While reading the summer issue of The Sewanee Review, I decided to poke into some historical trivia. It was founded in 1892 and devoted to book reviews, theology, political science, literature and such. Poetry didn’t appear until 1920, and the Winter 1966 issue, at almost 1,000 pages, was devoted to T. S. Eliot.
This issue, with its theme Honoring Words, is more manageable. I read it front to back and was most impressed by the closing pages that pieced together articles under the heading The State of Letters. It’s packed with works that will appeal to readers and writers alike. For example, Ann E. Berthoff chose “Libraries Here and There.” She compares Boston’s branch library’s “buzz of human activity,” to Tanzania where a teacher friend writes that “99 percent of the schools have one book for each class” of 50 to 70 students, and the lone book is used by the teacher. The remedy? Berthoff’s friend and a volunteer wrote 90 stories for student use.
In another example, though I’m not a big fan of Jane Austen, I love Merritt Moseley’s opening in “New Facts About Jane Austen.” He writes that 2015 was the 240th anniversary of Austen’s birth. “The date may not be as resonant as 2014’s bicentenary of the death of the Marquis de Sade—and its celebrations will undoubtedly lead to fewer hospitalizations—but it’s a good reminder of Austen’s lasting importance.” His forthcoming book promises new findings for “Janeites.” I may have to reconsider my viewpoint.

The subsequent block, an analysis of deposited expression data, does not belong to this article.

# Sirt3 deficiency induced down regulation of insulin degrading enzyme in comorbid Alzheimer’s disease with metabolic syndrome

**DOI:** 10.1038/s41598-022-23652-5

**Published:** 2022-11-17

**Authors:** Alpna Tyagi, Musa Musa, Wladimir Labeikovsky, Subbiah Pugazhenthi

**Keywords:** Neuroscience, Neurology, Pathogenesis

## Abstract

Also in The State of Letters, David Yezzi profiles 95-year-old poet Marie Ponsot. He describes much of her work as “poem-portraits” of females. But males are not ignored, as you see in Ponsot’s lines about a body of water:
A girl dips her foot in, holding her shoes.
A boy throws stones so splashes distort
The pool; most males do, as if they confuse
Marking with marring; as if, innocent,
Inept at awe, they smash what they can’t use [ . . . ]
Note that she published her multitude of writing while raising seven children.
Poetry rates its own section in The Sewanee Review. John Poch’s “Train Wreck” caught my attention with a preface about an 1896 demonstration of a train wreck for an audience of 40,000 in Crush, Texas. In the poem, an antique swallow necklace is considered:
The thought of that pendant makes my hands nearly reckless
for balance, to become the ambidextrous
[ . . . ] Perplex us
with swallows, voracious with your reflexes,
with the crush of you in the terrible state of Texas
that like a staged train wreck (in a good way) wrecks us.
Don’t overlook essays in this volume. George Keithley’s “Sunlight on the Sea of Cortez” observes the world of migrating Pacific grey whales. Pregnant females lead the pack from the Bering Sea to the coast of Mexico. In a description only a mother whale can cotton to, we witness their eating habits:
A toothless bottom-feeder, the grey whale has a shovel-shaped lower jaw with which it scoops its food from the seabed. [ . . . ] using its tongue, it pushes silty water out through more than one hundred thin plates of baleen—whalebone that hangs from its upper jaw to form a filtering grille, [ . . . ].
Mel Livatino calls his essay “Not Waving But Drowning,” borrowing the title from Stevie Smith’s 1972 poem. Livatino’s work draws on conversations and aloneness: “While the media has become frantic, personal communication has become inert,” he writes. He ties in two major life changes, his retirement from teaching and his wife’s dementia in this emotional, cautionary piece.
Short stories by high-volume writers Wendell Berry and Kathleen Ford are included, as are book reviews. Several sections of The Sewanee Review might benefit from larger fonts, especially the contributors’ listings. But overall the review is a significant collection of literary works featuring insightful voices that most definitely fulfill its theme of Honoring Words.